Monday Medical: A year for self-care | SteamboatToday.com

Susan Cunningham
For the Steamboat Pilot & Today

Editor’s Note: This story is Part 2 of a two-part series recapping our favorite health tips from 2021. Part 1 focused on everyday safety tips.

While pandemic restrictions have eased, 2021 has still packed some punches, which means self-care is as important as ever.

Below, find top tips shared by local experts this past year for keeping your wits about you through a stressful time.



Fuel your brain for mental health

Feeling sluggish or down? It may be time to take stock of what’s in your pantry and fridge.

“You want to eat foods that are high in vitamins, minerals, good carbohydrates, proteins and fatty acids,” said Laura Stout, a registered dietitian nutritionist at UCHealth Yampa Valley Medical Center. “If you don’t give your brain these things, it’s not going to function properly.”



In fact, good nutrition may help ease the low-level anxiety and depression that many people have been struggling with through the pandemic.

“A lot of us slipped into this habit of not eating so healthfully during COVID and found ourselves reaching for things like processed foods,” Stout said. “It all goes back to eating whole foods whenever possible, because they contain things that help our brain. The same foods that help protect you from chronic disease also protect your mental health.”

Address caregiver fatigue

Whether keeping tabs on a two-year-old or helping an aging parent with medications, caregivers may find precious little time for themselves — especially in these pandemic times.

“This year, I think self-care has fallen to the wayside a little bit more, and many people are experiencing caregiver stress or fatigue,” said Dr. Michelle Jimerson, a family medicine physician in Steamboat Springs and a member of the medical staff at Yampa Valley Medical Center. “But it’s like the airplane oxygen mask example — you have to put your oxygen mask on first before you help someone else.”

Keep your focus on what you can control, and prioritize activities that support your overall health, such as sleep, fitness and meditation. And don’t underestimate the power of a hopeful mindset.

“We talk a lot about ‘PMA,’ or positive mental attitude — how can we reframe what’s happening?” Jimerson said. “The world is what it is, but how you think about it and how you approach it can make a huge difference in how you experience life.”

Combat brain fog with routine

Months of stress and a not-so-normal routine have left our brains in the lurch, and many people find they’re struggling with mental clarity. From the working parent who has been on hyperdrive to the retired person who lives alone and has struggled with feeling isolated, our brains have been stressed by over- and under-stimulation.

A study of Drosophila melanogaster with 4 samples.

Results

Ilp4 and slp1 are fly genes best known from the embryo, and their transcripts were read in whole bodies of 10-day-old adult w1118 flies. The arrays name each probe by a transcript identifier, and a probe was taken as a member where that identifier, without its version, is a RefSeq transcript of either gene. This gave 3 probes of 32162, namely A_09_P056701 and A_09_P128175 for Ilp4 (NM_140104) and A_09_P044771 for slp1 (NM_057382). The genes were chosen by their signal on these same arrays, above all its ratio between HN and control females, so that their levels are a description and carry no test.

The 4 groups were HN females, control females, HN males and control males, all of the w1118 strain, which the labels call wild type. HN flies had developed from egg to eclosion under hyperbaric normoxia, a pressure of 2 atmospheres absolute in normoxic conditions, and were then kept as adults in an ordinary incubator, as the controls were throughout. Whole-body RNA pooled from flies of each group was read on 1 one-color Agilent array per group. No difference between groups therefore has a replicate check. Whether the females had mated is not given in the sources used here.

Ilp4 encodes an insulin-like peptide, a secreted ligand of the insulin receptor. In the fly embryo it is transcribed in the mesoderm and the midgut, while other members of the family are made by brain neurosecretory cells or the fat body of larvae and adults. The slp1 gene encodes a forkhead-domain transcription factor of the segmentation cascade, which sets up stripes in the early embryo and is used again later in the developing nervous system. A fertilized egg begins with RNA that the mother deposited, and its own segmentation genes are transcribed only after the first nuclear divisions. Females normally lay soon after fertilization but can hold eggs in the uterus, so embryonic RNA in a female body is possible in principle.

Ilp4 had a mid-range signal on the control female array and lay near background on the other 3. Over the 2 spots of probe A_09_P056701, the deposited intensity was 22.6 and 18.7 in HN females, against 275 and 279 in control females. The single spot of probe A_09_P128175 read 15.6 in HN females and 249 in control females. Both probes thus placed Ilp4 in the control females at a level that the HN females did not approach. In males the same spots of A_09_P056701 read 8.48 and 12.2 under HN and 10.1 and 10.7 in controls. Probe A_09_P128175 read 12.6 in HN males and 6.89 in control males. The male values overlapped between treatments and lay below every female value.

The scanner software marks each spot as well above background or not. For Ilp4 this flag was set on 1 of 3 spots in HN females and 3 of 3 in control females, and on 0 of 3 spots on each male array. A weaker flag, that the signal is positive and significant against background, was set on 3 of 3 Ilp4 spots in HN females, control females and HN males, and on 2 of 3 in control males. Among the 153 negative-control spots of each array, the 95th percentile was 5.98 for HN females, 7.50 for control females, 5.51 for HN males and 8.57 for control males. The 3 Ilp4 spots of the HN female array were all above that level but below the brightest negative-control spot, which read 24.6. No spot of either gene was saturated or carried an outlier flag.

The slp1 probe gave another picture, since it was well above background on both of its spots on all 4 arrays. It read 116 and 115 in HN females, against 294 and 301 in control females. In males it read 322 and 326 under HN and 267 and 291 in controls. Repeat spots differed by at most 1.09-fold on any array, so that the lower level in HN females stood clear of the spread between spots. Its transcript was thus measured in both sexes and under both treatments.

“People may start forgetting things, wondering, ‘What was I going to do today? I don’t even know,’” said Tracy Denney, an occupational therapist with UCHealth SportsMed Clinic in Steamboat Springs.

Establishing a new routine can help you ditch the dreaded brain fog. Start by getting dressed each day, even if you aren’t going anywhere. If you’re overwhelmed, try a “brain dump” each morning in which you list out the top things you have to do for the day. And if you’re underwhelmed by the days’ activities, keep your brain active by doing puzzles or learning a new hobby.

“Patients always ask, ‘Will it get better?’” Denney said. “While each patient is different, the research is there that with developing a new routine, mental fog is going to improve if you stick to it.”

Fend off stress with focused relaxation

When anxiety and stress start to build, Alison Hobson, a licensed clinical social worker at YVMC, recommends activating the parasympathetic nervous system to help your body and mind relax.

“This is the part of our body that helps us ‘rest and digest, mend and befriend,’” said Hobson. “It helps us feel a sense of relaxation, well-being and calmness.”

Take several deep breaths, breathing in for five counts and exhaling for six. Intentionally relax your shoulders, neck, jaw and face.

“After a minute, you can notice a sense of space between thoughts, a stillness that is there,” said Hobson. “Taking moments of relaxation throughout your day is always available for you.”

Susan Cunningham writes for UCHealth Yampa Valley Medical Center. She can be reached at cunninghamsbc@gmail.com.